A Standard Method for Tree
Reproduced from an article
by Ron Flook AHRIH
From The New Zealand
Garden Journal (Journal of the Royal New Zealand Institute of Horticulture),
Vol. 1, No. 3, September 1996, pp. 29.
A standard method of
evaluating trees is essential for all those who have to make decisions
about the importance of trees and their preservation, whether in
urban or rural situations.
There have been difficulties
in the past in making such assessments without recourse to a standard
method. This thorny problem was initially alleviated by the RNZIH
Tree Evaluation Method for New Zealand published in 1988.
Publication by the RNZIH
in 1994 of An Introduction to the Notable Trees of New Zealand
which listed over 2000 registered trees allowed work on an improved
tree evaluation method, called STEM for short. Work on this method
has continued for four years and many changes have been made following
STEM has been developed
for everyone; both professionals and lay persons who have to make
decisions about trees. Consultation and field trialing started publicly
in August 1994 when the fifth draft was launched publicly at the
First NZ Tree Symposium in Rotorua.
The method was circulated
widely to major national professional bodies and qualified persons.
Numerous public discussions and talks with community groups were
also held. Without exception STEM has been welcomed and helpful
comments made in support of the work. Field trials of over 600 trees
have been conducted by members of the New
Zealand Arboricultural Association (NZAA), Nelson City Council,
Nelson Tree Planters, and by interested individuals. Nelson City
Council was one of the first local authorities to use STEM Draft
5. In their experience the method was very satisfactory and enabled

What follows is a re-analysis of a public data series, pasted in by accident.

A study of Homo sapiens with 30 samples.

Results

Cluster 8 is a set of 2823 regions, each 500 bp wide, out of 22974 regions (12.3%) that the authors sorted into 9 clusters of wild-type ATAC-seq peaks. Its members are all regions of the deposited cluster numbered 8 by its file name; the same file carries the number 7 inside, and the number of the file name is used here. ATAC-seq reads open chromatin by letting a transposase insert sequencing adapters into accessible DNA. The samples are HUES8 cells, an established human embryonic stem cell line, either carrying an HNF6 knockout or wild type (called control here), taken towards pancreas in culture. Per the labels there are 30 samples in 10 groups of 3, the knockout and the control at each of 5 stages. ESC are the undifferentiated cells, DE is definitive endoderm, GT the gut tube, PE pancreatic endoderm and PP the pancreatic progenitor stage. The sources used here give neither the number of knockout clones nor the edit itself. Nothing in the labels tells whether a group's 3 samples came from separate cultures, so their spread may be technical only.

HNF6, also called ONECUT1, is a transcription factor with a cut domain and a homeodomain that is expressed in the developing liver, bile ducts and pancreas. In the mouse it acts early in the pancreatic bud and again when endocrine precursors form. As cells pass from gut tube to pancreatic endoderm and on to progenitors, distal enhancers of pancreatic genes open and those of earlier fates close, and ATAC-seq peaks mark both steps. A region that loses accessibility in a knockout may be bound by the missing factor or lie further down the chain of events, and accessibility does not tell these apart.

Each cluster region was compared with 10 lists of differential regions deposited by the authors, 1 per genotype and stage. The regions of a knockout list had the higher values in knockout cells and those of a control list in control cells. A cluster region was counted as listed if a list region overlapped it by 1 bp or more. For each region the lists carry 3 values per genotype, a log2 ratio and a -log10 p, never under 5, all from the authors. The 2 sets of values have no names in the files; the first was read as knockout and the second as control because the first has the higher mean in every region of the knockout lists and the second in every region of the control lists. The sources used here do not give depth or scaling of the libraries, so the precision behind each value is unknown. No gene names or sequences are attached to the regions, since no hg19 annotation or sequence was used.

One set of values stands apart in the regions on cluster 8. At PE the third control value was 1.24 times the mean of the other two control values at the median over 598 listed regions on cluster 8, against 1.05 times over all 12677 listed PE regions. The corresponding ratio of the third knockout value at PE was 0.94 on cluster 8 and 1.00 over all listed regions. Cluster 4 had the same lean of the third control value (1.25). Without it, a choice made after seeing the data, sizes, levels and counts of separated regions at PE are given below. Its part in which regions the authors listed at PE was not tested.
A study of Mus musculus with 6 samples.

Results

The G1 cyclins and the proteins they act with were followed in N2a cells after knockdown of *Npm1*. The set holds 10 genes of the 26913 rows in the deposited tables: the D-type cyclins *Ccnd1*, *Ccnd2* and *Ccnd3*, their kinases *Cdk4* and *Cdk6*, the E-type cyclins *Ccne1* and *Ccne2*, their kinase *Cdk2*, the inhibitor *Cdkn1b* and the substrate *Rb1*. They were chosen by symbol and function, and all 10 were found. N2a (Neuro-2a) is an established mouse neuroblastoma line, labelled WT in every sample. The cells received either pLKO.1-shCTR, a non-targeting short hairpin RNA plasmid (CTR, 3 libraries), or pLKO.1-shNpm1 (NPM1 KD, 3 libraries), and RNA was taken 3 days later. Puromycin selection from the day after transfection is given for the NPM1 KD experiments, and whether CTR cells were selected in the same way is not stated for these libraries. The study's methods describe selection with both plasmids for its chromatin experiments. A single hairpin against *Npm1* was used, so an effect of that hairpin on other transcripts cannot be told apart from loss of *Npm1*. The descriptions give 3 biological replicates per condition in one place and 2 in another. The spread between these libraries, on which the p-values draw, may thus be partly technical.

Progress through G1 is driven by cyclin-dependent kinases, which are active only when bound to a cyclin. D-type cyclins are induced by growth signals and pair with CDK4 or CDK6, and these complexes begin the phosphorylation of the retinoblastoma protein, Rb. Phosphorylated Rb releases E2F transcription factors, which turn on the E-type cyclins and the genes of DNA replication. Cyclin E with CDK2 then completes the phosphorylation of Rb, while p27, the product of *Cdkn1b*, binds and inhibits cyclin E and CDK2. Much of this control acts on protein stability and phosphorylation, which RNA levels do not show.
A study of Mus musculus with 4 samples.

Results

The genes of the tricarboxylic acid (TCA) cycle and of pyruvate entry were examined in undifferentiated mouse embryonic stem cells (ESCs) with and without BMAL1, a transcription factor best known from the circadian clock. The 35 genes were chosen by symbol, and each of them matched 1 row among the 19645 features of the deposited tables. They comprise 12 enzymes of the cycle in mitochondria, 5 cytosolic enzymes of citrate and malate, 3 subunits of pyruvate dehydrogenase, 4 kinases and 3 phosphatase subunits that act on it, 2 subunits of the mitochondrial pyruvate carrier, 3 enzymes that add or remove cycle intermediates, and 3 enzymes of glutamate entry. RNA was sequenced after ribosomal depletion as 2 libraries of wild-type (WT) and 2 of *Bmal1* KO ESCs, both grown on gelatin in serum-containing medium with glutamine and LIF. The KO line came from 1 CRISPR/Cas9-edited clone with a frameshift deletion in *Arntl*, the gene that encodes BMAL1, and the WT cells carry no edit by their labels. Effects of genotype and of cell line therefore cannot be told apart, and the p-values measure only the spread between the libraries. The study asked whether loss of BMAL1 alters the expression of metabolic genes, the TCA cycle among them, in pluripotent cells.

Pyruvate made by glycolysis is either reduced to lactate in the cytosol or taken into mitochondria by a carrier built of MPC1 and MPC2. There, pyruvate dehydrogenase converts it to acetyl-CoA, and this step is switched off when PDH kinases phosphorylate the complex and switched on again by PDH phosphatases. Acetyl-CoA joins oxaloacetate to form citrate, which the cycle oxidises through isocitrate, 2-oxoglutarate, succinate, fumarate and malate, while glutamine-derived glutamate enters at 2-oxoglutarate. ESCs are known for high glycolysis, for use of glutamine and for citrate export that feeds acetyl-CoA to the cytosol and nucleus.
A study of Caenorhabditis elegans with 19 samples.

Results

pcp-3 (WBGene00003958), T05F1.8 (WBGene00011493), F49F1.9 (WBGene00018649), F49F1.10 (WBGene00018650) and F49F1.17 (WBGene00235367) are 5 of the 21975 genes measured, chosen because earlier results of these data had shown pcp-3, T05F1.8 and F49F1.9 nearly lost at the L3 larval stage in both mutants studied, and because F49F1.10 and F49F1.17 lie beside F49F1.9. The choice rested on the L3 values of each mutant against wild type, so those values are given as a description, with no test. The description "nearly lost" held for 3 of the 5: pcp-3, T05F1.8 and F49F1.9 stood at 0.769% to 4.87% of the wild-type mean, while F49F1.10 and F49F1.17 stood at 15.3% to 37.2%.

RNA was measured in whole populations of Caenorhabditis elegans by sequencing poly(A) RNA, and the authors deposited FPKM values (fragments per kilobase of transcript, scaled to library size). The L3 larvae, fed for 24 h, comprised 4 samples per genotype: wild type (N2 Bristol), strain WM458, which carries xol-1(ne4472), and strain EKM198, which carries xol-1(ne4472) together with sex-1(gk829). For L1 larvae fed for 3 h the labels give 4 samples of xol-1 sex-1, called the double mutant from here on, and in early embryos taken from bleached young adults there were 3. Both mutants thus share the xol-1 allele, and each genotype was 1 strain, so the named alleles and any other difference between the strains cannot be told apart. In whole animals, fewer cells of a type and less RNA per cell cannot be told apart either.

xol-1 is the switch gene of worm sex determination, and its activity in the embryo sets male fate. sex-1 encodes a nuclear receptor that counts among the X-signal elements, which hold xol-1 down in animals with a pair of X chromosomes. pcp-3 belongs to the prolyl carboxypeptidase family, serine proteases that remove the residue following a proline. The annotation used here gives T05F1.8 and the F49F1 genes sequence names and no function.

them to make sound judgements on the hierarchy of important trees
in the Nelson region for listing on their Preliminary District Plan.
The consensus has been that STEM is uncomplicated by formulae or
flawed by multiplications which other systems use. It is also clearer
in definitions which will make it more useful at Planning Tribunal
and local authority planning hearings. The work includes definitions
of the terms used and a glossary of common arboricultural words.
It is designed for adaption to many and various geographical conditions.
STEM has been approved by general opinion to:
to use in the field
In the assessment of
an organic object, the essential ingredient is Objectivity. STEM
is a logical method for establishing the intrinsic quality of trees.
STEM is also able to set a monetary value based on their evaluated
quality. However, it is essential to avoid monetary claims being
regarded as unreasonable or excessive. A conservative approach is
essential even thought it may be emotionally disappointing.
STEM was launched
in October  at the NZAA Conference, in Auckland.
In 2012 the New Zealand Notable Trees Trust became the copyright holder of STEM – the Standard Tree Evaluation Method which is now used by more than 35 Councils around New Zealand to evaluate trees for their respective district plans. The NZNTT is indebted to Cindy Flook for allowing the Trust to become the new home and controlling authority for this valuable tool.
The Standard Tree Evaluation Method and STEM are both Trademarks of the New Zealand Notable Trees Trust.
See the notable
trees introductory page and website
for more information.
book has been reviewed by Bruce Treeby.